Many posts on this blog will be dealing in the years to come with the involvement of America in World War I and the events leading up to it. One of the key figures will be John J. Pershing. In a military career that exhibited a dedication to hard work rather than brilliance, Pershing at 38 was still a First Lieutenant. His opportunity came during the Spanish-American War when he had the good fortune to command black troops of the 10th Cavalry at the Battle of San Juan Hill and came to the attention of Theodore Roosevelt, who he knew slightly prior to the War. In 1905 Roosevelt promoted Pershing from Captain to Brigadier General, over the heads of 900 officers senior to him, an almost unheard of move in the peacetime Army where promotion was almost entirely a result of seniority.
As Pershing’s professional career was taking off so did his personal life. In 1905 the 45 year old bachelor married the 25 year old Helen Frances Warren, the daughter of powerful Senator Francis Warren of Wyoming, who would serve in the Senate from 1895 until his death in 1929. A veteran of the Union Army, and a Medal of Honor recipient, he would be the last Civil War veteran to serve in the Senate. Pershing now had a firm advocate in the Senate, but it was love rather than calculation that lay behind his marriage as indicated by their rapidly growing family of three girls and a boy.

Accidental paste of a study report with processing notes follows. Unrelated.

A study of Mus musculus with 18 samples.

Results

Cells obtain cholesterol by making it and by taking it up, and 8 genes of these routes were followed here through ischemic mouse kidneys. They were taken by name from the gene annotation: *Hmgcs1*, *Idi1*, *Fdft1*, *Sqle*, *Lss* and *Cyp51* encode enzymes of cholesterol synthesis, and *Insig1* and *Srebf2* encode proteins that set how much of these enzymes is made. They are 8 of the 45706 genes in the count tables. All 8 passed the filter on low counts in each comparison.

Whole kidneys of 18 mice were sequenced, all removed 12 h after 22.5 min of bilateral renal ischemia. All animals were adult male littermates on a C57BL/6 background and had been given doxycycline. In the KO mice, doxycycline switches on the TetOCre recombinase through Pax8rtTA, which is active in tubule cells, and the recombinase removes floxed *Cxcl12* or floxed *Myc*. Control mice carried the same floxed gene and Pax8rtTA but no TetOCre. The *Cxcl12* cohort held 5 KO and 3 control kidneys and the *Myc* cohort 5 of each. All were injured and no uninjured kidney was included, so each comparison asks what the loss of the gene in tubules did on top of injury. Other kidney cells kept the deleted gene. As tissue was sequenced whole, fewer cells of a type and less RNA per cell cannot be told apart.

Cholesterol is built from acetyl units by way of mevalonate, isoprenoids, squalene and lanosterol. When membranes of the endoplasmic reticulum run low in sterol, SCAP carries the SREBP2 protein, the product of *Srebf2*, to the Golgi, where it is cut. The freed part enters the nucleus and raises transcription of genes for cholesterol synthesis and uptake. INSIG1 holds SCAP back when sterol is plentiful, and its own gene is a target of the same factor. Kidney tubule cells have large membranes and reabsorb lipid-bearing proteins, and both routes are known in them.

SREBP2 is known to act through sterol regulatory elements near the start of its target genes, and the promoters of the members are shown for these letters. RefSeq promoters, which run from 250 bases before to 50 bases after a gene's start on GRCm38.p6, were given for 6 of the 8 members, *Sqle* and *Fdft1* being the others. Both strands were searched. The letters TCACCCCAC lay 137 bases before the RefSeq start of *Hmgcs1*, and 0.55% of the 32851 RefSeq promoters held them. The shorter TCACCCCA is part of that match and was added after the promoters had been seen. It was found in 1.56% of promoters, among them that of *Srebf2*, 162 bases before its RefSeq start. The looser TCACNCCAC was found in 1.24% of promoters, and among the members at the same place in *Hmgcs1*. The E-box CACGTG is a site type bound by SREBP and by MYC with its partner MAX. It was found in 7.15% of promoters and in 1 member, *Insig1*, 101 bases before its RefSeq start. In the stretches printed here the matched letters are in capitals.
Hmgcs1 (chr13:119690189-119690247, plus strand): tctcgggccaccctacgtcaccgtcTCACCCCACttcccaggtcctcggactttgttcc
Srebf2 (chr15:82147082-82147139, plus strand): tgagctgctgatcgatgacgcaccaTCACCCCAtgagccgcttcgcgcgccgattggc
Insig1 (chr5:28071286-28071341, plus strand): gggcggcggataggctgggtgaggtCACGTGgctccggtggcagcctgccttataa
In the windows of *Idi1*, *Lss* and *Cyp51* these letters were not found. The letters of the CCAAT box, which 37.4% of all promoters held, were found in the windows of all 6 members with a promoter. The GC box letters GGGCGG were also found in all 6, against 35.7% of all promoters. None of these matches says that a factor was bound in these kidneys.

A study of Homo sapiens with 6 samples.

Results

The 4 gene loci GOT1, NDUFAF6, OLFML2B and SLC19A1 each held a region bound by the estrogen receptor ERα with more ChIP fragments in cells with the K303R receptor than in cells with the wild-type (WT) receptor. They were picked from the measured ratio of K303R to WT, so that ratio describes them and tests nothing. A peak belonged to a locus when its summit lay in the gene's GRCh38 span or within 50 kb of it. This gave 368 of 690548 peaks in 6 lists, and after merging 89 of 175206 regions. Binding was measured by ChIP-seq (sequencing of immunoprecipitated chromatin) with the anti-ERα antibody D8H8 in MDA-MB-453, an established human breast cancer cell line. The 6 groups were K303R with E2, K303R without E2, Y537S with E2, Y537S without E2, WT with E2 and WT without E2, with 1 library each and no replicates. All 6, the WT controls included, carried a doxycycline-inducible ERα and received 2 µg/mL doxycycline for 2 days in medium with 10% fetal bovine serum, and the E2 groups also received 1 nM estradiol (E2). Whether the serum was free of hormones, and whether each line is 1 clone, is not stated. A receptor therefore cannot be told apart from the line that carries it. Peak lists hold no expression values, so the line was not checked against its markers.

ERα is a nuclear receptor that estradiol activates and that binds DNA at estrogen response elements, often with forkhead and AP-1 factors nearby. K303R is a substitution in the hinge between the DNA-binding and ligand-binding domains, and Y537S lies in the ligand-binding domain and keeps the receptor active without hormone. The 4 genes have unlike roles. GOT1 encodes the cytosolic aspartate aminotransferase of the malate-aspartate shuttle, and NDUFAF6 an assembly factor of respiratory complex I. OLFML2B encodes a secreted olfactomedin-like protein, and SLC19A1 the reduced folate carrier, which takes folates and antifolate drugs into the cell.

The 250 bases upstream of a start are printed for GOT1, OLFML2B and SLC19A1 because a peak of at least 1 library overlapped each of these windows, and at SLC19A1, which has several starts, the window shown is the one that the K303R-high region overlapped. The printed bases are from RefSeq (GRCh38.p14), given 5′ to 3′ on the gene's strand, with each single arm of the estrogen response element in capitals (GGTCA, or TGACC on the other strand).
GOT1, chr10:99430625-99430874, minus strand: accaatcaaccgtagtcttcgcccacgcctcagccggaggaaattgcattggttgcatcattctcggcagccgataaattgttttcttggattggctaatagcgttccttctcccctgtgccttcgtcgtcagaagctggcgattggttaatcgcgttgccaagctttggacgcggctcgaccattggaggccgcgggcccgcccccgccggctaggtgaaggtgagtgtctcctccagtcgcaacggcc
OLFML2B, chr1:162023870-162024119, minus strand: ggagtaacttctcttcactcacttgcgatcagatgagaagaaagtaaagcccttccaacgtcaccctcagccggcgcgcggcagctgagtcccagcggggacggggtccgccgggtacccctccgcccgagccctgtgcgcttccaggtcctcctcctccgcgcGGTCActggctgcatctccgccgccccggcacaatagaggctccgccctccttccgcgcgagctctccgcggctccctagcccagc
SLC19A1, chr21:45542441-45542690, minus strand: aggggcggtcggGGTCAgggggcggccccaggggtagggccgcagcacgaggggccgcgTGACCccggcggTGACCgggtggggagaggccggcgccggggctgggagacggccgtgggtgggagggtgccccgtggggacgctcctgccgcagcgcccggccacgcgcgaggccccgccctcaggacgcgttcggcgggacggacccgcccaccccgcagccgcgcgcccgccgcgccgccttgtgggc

In 1913 Pershing was assigned to command a brigade at the Presidio in San Francisco. With tensions running high with Mexico, the brigade was deployed to Fort Bliss in 1914, Pershing deciding to keep his family safe and comfortable at their house at the Presidio rather than having them at Fort Bliss, a decision he would come to bitterly regret. In 1915, no fighting with Mexico having ensued, Pershing was making arrangements to have his family join him at Fort Bliss. Just before his family was to move, Pershing received a telegram on the morning of August 27, 1915 informing him that his wife and three daughters, Mary, age 3, Anne, age 7, and Helen, age 8, had died in a house fire. Only his 6 year old son Francis Warren survived, rescued by Pershing’s long time black orderly.
Rushing to San Francisco, Pershing first prayed over the bodies of his wife and daughters. Visiting the site of the fire Pershing could only say, “They had no chance.” Picking up his son from the hospital, Pershing was holding him in his lap when the car they were in passed by the fair grounds, Pershing asking his son if he had been to the fair. When the boy responded “Oh yes, Mommy takes us there all the time!”, Pershing began to tremble so badly that he handed the boy to another passenger. Pershing brought his son to Fort Bliss after the funerals, his sister May accompanying them. She would raise Francis Warren while Pershing threw himself into his work, the only relief he could find from the soul shattering grief that beset him. Many of his friends said that Pershing never got over that grief, and anyone who has experienced the loss of a child or a spouse can understand.
Always an introverted man, Pershing became more so, doing his best to keep his grief private, but it was now a permanent feature of his life. In 1935 a friend noticed that Pershing was looking sad. When a friend inquired about this, Pershing responded that it was one of his daughter’s birthday.